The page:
News From Terre Haute, Indiana

Local & Bistate

January 26, 2014

New face for Riverscape

5 years of action make all the difference for new president

TERRE HAUTE — Terre Haute native Charlie Williams admits that for a long time, he didn’t pay much attention to the Wabash River.

All that changed about five years ago when he became involved with Riverscape, a group that has encouraged a transformation of the once-neglected Wabash into a natural center of community activity.

He’s served on the nonprofit Riverscape board, and last week, with the retirement of John Mutchner, he stepped into the role of Riverscape president. He sees the river’s tremendous potential in promoting economic development, recreation and a positive image for the community.

“In the last five years, I’ve spent a lot time and effort with Riverscape. I think it’s the best chance we’ve had in my lifetime to redefine Terre Haute,” said Williams, president of Williams Randall Marketing, a business he started in 1979.

The organization’s official name is Wabash River Development and Beautification, but everyone in Terre Haute knows it as Riverscape. After nine years at the helm, Mutchner stepped down to allow younger leadership to take over the group.

Much has been accomplished, Williams said, but much remains to be done. “We have some important momentum,” he said.  “I think we’re making a difference.”

He wants to keep that momentum going.

Among his goals as president, Williams wants to broaden the scope of involvement by groups that have been supportive of Riverscape. That process has already begun, he said.

Last week, the board elected four new members during its annual meeting: Mary Kramer of Art Spaces, who was instrumental in helping organize 2013 Year of the River; Lorrie Heber of Our Green Valley Alliance; Ken Brengle, executive director of the Terre Haute Chamber of Commerce; and Brendan Kearns, a Wabash River enthusiast.

The board has 35 members.

“I think we can benefit from more collaboration” with these and other groups, Williams said. “We all want the same thing. We want to leave Terre Haute better than we found it.”

Williams also hopes to better inform the public about what Riverscape is and does. “We want to tell our story better,” he said. “I think we need more broad-based recognition for our potential and our progress.”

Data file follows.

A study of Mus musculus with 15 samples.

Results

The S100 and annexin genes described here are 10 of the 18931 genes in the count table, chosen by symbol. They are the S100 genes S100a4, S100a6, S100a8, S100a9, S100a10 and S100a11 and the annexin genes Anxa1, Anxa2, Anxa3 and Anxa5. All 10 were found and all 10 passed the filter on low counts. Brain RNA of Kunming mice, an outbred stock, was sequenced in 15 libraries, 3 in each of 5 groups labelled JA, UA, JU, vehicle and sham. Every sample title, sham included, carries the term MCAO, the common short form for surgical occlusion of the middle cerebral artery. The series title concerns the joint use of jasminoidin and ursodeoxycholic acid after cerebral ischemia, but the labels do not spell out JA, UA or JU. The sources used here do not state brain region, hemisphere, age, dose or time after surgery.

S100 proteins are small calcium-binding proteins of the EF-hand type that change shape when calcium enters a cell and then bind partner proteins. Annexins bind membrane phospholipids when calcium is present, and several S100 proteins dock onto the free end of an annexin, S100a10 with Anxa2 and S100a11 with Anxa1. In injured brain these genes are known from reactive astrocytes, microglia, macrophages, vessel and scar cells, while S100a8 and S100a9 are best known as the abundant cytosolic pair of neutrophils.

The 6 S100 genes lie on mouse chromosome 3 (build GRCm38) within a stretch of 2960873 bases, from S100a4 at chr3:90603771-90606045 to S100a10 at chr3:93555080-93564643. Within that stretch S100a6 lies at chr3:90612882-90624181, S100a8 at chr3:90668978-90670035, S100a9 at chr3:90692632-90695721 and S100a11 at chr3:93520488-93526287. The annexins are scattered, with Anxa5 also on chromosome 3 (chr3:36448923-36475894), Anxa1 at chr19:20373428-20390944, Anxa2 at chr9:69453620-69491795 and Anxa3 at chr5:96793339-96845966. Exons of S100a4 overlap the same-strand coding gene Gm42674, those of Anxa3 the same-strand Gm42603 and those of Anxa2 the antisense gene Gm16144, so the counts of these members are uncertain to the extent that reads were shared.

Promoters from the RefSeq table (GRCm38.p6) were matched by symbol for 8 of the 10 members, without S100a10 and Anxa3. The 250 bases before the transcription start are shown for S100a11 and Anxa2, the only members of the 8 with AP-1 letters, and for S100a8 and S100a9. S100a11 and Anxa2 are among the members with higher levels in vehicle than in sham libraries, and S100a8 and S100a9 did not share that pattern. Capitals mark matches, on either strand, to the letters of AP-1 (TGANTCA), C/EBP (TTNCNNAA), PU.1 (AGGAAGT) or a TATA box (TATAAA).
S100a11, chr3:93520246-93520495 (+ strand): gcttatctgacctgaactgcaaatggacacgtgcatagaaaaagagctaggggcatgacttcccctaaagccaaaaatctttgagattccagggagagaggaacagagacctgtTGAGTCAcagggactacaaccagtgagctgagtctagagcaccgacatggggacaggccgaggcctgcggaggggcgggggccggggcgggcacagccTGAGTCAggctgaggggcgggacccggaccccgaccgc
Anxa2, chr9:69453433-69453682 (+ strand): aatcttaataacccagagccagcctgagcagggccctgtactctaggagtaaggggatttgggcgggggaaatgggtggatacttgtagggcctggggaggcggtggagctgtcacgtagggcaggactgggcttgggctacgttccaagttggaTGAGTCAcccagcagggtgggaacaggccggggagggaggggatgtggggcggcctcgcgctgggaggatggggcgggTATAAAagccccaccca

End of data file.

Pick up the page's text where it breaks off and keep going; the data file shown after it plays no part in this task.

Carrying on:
The group receives a lot of questions “about what we’re doing and what we’ve accomplished,” he said. It’s an all-volunteer group, and it doesn’t have a speakers bureau.

The board will have a planning retreat in February. Other officers are Fred Nation, vice president; Michael Shaw, secretary; and Nancy Rogers, treasurer.

Williams and Mutchner describe Riverscape’s big-picture vision for the banks of the Wabash as a “three-legged stool” agenda:

• open to the public the riverside south of Fairbanks Park;

• enhance the Wabashiki wetlands on the west bank; and

• revive the east bank along North First Street.

Progress includes ISU’s plans to place athletic facilities west of campus near the Wabash, as well as the 2010 opening of the 7,000-acre Wabashiki Fish and Wildlife Area and trail system near West Terre Haute, which is still developing.

The other goal, opening up lands south of Fairbanks Park through an aging industrial corridor, has unfolded more slowly, Mutchner has said. He praised persistence by the mayor and city officials in acquiring access to the grounds for a scenic trail and other future possibilities. Those long-term enhancements will “be a mix of public and commercial,” Mayor Duke Bennett recently told the Tribune-Star.

Williams said the mayor “is really on board in trying to optimize this whole Riverscape plan. … He has been a great ally.”

A Riverscape plan prepared by HNTB in 2008 will continue to unfold and evolve, Williams said, and it will call for continued collaboration with government and many community partners.

A Terre Haute native, Williams graduated from Indiana State University in 1970, an English major and journalism minor. He worked his way through college as a reporter on the sports desk at the Terre Haute Star.

He later worked in communications/marketing at Rose-Hulman Institute of Technology, ISU and the Terre Haute Chamber of Commerce. Then in 1979, he started Williams Co., an ad agency that evolved into Williams Randall Marketing.

As Riverscape president, Williams is excited about what’s been accomplished and optimistic about what is left to be achieved. “I think the river and Riverscape can be this once-in-a-lifetime linchpin to our progress,” he said.

Sue Loughlin can be reached at 812-231-4235.